Background Briefing: March 17, 2019


Why Trump Won’t Condemn White Nationalism

We begin with the terrorist attack on worshipers at two mosques in Christchurch which left 50 dead and as many wounded and has shocked the peaceful citizens of New Zealand as well as the world since the Australian killer filmed the massacre and live-streamed it on the Internet. We speak with Spencer Sunshine, a researcher and activist whose research interests include U.S. white nationalism, post-war fascism and European New Right politics as well as left wing anti-Semitism. He joins us to discuss the killer’s manifesto in which he mentioned his support for President Trump, writing “As a symbol of renewed white identity and common purpose? Sure. As a policy maker and leader? Dear God no.” We will also discuss Trump’s response to the massacre in which he refused to condemn white nationalism and tried to dismiss it as a small fringe issue which prompted the Washington Post to write an editorial calling out the president for his consistent failure of moral leadership. And since there is a pattern of Trump not condemning neo-Nazi’s and white nationalists, we will try to assess why he refuses to say these are bad people.


The Convergence of Attacks on Muslims, Social Media and Targeting Houses of Worship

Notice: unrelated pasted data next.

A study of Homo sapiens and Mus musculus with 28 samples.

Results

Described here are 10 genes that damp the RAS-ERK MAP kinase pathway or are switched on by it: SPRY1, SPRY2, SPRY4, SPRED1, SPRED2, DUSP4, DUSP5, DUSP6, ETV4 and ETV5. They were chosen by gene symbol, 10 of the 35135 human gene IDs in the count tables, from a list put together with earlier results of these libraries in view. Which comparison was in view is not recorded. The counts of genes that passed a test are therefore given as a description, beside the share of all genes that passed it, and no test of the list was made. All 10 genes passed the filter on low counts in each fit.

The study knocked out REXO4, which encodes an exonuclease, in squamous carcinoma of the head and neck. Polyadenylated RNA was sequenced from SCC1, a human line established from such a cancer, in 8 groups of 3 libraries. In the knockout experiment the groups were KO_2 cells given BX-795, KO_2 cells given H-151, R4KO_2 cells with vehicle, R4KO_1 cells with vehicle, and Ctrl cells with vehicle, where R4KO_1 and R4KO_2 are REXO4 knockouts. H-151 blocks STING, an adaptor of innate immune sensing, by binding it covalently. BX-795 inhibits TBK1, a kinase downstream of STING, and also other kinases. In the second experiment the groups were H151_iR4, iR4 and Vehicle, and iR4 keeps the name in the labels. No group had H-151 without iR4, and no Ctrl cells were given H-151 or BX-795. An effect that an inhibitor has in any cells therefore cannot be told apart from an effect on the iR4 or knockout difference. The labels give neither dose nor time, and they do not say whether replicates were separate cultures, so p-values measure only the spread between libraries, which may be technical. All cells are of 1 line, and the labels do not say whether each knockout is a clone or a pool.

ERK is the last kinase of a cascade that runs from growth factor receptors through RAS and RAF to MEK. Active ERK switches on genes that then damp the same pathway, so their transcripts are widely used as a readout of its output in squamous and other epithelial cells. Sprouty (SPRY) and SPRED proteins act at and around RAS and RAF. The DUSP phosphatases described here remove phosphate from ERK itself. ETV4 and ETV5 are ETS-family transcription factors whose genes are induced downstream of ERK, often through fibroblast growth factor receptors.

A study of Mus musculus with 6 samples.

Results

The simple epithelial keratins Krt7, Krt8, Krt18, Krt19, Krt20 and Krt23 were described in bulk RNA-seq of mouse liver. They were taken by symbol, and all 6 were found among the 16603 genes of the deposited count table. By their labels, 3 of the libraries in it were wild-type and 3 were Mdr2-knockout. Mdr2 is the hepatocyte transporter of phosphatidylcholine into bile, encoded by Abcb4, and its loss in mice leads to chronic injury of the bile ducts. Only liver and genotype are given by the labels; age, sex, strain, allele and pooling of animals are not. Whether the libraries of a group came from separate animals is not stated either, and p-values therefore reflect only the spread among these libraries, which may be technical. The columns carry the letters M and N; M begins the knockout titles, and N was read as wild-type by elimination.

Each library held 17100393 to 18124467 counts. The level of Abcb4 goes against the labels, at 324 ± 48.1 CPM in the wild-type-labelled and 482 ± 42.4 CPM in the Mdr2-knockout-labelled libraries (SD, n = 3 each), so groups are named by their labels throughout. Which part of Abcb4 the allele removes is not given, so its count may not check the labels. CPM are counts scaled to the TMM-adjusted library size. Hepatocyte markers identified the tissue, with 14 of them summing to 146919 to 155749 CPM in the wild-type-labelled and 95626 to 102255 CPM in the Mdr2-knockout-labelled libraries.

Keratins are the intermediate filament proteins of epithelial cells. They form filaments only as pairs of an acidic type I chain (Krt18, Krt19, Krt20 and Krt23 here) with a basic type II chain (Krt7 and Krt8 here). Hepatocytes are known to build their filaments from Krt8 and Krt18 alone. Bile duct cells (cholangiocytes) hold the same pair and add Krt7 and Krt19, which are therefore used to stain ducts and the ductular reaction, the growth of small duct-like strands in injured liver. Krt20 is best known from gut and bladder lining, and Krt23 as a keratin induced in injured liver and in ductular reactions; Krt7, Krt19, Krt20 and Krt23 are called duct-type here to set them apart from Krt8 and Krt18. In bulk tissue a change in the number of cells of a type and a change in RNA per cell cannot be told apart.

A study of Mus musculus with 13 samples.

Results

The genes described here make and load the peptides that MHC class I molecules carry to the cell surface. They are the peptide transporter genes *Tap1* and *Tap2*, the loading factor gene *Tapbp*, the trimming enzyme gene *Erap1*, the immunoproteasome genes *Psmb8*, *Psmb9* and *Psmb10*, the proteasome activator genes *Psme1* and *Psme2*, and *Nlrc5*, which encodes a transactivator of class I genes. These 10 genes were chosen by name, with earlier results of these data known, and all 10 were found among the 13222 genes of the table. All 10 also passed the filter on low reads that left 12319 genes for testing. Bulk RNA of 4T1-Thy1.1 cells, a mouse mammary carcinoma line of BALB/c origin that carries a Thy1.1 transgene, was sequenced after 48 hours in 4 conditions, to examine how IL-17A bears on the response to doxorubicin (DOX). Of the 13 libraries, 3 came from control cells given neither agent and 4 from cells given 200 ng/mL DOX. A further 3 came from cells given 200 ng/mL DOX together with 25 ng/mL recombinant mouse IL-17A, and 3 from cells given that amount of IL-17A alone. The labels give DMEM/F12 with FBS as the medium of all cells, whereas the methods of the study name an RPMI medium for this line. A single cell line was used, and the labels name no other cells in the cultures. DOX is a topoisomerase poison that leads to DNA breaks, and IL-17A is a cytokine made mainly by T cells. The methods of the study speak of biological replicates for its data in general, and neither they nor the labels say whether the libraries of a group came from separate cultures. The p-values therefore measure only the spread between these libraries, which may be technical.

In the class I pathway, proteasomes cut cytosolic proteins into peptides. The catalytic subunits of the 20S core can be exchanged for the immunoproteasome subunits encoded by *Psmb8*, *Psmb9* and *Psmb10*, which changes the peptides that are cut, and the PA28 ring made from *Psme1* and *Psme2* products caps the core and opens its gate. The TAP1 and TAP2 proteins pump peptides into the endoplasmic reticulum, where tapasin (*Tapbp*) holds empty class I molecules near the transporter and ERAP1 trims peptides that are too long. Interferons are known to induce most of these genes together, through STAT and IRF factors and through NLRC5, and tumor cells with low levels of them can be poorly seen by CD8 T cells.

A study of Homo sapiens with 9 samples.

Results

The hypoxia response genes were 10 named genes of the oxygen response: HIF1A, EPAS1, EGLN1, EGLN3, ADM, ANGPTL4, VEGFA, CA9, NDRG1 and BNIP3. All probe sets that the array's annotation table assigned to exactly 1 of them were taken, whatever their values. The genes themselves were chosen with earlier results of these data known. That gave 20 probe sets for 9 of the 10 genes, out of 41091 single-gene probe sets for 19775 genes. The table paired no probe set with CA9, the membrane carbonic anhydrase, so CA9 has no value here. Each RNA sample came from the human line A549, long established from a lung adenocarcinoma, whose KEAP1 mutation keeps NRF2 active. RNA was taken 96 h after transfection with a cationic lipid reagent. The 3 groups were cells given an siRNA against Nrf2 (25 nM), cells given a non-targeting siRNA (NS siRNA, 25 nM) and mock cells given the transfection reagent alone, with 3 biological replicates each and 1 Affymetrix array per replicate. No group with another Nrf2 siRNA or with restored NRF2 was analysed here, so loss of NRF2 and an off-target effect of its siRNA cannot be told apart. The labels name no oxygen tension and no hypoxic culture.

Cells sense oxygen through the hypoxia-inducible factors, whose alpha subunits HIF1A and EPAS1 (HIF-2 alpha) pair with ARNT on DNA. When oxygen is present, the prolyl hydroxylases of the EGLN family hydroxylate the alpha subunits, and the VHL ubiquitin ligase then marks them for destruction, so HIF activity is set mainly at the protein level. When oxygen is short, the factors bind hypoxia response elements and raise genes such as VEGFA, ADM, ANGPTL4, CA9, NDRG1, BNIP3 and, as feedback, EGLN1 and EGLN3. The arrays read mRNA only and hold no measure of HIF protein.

Then we look further into the phenomenon of what could be called white internationalism and speak with Peter Bergen, a professor of practice at Arizona State University and a fellow at Fordham University’s Center on National Security and a CNN national security analyst. We discuss his article at CNN “Three terrorism trends converge in sickening New Zealand attacks” and explore the three emerging trends of attacks against Muslim targets, the use of social media as a platform for terrorists, and the violent targeting of houses of worship.


Students Around the World Protest Inaction on Global Warming

Then finally we look into the international protests last Friday where school children around the globe walked out of their classrooms to protest inaction on climate change. We speak with, Monica Medina, the founder and publisher of Our Daily Planet, an environmental e-mail newsletter. She is the former senior director of ocean policy at the National Geographic Society. Previously, she served as special assistant to the secretary of defense and before that was principal deputy undersecretary of commerce for oceans and atmosphere at the National Oceanic and Atmospheric Administration, where she led efforts on Arctic conservation and restoration of the Gulf of Mexico after the Deepwater Horizon oil spill.